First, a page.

Illustration for article titled Goodbye From Josh and Gita

Today, Joshua Rivera and Gita Jackson are both leaving Kotaku. They sat down to talk about what they love about this place, as well as the state of games journalism and its diversity, worker solidarity and herbs.


Gita Jackson: I think a lot of the minority teenagers, college students, will be happy to have read this. It’s impossible to not be aware of the absence of Brown people in this space. I am friends with a lot of the games journalists in New York City that are people of color. You know, like when we see one up here, we try to meet them because there are not very many of us. So it’s like, it’s impossible to not be aware. I mean, I get messages from young black women who tell me that seeing me do it makes them feel more confident about getting into video games. Part of me wants to be like, wow, thank you, that’s so flattering. And the other part of me wants to be like, THIS IS HELL, WHY WOULD YOU WANT TO DO THIS JOB?


Gita: I don’t think that video games are any more or less racist than society at large. We see it very clearly because it’s such a small community and very, very tight knit. And I think that video game marketing divisions have encouraged the kind of quote unquote passion that leads to people becoming overly invested in a commercial product to the point they feel like they need to defend multimillion dollar corporations. And that is the thing that I think is more toxic than just the bald-faced prejudice, is this really intense, unyielding, deeply conservative economic viewpoint on video games and the people who make them. It’s purely a dollars game. And it’s all about corporations. And treating those corporations as people. And that is the thing that holds video games back and holds the people that love video games back more than anything.

Josh: I think you were talking about how, it’s not that games are more or less racist than the rest of society. It’s just that games are set up in such a way that video game fans are conditioned to believe nothing is wrong. Right? Where most people can look at the world and be like, you know, Oh—

Gita: “Some things are wrong.”

Josh: Some things are wrong! You know, like “the NFL should care more about concussions.”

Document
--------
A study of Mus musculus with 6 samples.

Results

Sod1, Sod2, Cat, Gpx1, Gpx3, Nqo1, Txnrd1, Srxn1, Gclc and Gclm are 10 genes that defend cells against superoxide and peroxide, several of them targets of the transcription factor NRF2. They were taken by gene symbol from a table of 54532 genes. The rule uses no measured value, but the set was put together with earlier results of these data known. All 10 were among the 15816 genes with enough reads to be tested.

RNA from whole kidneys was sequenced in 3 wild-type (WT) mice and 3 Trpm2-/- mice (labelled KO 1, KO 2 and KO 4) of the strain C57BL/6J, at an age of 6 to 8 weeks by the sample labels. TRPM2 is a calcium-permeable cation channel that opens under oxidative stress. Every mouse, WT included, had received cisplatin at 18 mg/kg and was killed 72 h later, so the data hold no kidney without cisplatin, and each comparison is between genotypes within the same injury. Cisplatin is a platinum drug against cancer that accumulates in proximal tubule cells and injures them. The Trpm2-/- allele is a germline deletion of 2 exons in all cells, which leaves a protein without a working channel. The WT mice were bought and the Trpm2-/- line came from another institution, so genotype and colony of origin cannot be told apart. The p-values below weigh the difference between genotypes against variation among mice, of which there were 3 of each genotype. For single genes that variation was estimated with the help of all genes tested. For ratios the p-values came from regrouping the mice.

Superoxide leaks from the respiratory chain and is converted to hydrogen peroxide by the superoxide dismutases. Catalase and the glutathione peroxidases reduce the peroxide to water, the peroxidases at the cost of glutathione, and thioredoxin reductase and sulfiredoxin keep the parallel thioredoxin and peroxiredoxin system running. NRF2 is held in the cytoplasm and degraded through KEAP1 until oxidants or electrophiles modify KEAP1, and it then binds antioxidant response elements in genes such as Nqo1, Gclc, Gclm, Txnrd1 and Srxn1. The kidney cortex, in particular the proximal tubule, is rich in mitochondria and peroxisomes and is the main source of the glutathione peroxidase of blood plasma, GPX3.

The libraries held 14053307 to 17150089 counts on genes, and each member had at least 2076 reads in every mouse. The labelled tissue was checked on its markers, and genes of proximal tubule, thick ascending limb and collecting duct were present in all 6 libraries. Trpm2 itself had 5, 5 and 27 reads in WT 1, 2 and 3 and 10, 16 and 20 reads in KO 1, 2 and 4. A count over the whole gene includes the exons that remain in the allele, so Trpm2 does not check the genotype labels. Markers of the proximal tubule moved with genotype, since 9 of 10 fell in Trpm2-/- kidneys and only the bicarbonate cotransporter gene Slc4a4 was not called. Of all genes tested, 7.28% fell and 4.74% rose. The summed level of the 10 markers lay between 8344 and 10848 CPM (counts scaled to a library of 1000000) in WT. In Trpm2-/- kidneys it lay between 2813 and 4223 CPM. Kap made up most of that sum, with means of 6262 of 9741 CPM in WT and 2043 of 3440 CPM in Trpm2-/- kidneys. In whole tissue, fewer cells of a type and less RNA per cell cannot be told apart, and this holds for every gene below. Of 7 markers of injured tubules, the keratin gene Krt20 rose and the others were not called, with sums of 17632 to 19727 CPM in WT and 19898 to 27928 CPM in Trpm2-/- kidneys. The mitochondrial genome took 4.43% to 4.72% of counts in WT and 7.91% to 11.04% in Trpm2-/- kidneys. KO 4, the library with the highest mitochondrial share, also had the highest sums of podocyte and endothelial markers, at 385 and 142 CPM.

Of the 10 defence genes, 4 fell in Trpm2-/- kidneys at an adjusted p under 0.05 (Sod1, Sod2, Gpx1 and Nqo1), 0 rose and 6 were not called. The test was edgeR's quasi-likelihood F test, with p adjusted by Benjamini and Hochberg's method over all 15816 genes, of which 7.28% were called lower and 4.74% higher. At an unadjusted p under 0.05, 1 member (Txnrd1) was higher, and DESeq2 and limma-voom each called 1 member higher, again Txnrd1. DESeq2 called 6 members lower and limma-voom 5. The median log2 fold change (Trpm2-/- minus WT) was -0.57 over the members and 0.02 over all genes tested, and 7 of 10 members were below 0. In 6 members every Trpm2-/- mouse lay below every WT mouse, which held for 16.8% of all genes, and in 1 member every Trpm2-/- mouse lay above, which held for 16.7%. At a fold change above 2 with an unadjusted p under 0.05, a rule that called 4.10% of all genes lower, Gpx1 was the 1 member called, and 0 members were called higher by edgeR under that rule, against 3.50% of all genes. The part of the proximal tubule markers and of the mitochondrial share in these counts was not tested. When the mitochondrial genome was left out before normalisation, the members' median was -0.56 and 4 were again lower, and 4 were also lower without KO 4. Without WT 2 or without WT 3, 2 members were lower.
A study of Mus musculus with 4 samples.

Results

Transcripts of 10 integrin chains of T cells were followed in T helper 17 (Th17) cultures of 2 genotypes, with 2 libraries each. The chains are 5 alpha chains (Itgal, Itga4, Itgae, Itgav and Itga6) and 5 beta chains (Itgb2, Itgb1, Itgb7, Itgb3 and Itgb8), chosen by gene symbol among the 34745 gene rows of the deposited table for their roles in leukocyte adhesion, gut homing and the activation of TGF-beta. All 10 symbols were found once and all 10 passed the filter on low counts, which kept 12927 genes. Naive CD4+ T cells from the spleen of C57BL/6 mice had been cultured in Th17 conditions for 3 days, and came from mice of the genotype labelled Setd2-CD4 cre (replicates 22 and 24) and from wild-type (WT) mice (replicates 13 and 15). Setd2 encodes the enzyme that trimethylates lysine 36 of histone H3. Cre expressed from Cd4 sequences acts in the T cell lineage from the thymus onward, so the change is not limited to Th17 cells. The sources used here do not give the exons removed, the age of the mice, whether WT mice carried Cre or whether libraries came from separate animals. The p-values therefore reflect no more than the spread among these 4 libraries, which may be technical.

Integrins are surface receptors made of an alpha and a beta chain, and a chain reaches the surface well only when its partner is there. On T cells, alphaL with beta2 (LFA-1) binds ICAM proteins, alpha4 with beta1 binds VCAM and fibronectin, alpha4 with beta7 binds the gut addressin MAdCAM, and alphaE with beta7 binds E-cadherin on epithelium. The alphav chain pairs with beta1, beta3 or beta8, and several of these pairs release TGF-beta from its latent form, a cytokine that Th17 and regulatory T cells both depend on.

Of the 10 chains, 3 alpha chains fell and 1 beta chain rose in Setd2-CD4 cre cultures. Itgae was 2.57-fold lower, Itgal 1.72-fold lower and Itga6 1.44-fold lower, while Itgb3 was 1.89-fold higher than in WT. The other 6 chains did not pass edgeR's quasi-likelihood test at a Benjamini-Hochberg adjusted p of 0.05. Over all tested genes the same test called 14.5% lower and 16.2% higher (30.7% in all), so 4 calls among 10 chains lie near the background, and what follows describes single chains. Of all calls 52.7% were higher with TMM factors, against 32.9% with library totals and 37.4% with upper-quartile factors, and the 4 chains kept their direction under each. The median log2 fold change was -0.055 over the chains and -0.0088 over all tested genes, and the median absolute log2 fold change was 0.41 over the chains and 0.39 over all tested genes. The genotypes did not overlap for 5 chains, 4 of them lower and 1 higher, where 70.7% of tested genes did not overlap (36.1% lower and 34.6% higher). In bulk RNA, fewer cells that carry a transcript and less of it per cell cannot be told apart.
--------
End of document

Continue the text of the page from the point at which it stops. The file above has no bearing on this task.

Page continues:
Josh: I also had this weird, um, perception of Kotaku ’cause like you said, just media in general, trends toward behaving conservatively because it allows you some sort of stability in an unstable industry.


It meant a lot to me that you had been here so long, you know, which might not seem so long in the grand scheme of things, but in media, it’s a lifetime. There’s something more fundamentally humanist, I think, about your writing that stuck with me. It made me feel like there was space that I could do what I wanted to do here.


It’s not as profound a compliment as calling your writing humane, which I don’t —thank you. Thank you. But it is, I think it’s just like, I’m like jealous sometimes when you just say the thing I want to say, but I’m kind of afraid to say it takes a lot of courage because people are fucking nasty and mean in this industry and it’s so small that if you piss people off, they will remember. But you don’t have fear about that and you’re always right. Even though you don’t think Horizon Zero Dawn is a good game.


Gita: I love every single person who works for Kotaku. And when I say love, I mean love. Like I have been sobbing about the idea of not working with them for basically an entire month. And when I mean sobbing, I mean big fat, wet tears, snot coming out of my nose. Just absolute abject misery. So I love to talk to you because of what you just said, about looking at a time of strife and people deciding that you’re just going to be the best you can possibly be. I feel like that’s a deeply Kotaku instinct, always going out with two big middle fingers. And that’s like the tightest thing in the world.


Gita: Can we just say specifically that Jim Spanfeller has made it impossible for us to work here?


Gita: His outward and obvious hostility towards the writers here, his treatment of the Deadspin writers, his firing of Barry, the way that he talks about Deadspin and the way that he won’t take responsibility for its closure even though it comes from his really awful management decisions, have just made my faith in the ability of him being able to keep this company solvent, just completely obliterated. And it’s all him. It’s all his choices.


Gita: Hell yeah. He would fight an army. He cares so much about his writers.

Josh: It’s a shame that we don’t have owners that care for a fraction as much. You know, they don’t, they don’t shout out our work. They don’t care for our work.


Josh: I mean, he might know now.

Gita: [laughs.] Yeah. Sup dude. Suck it.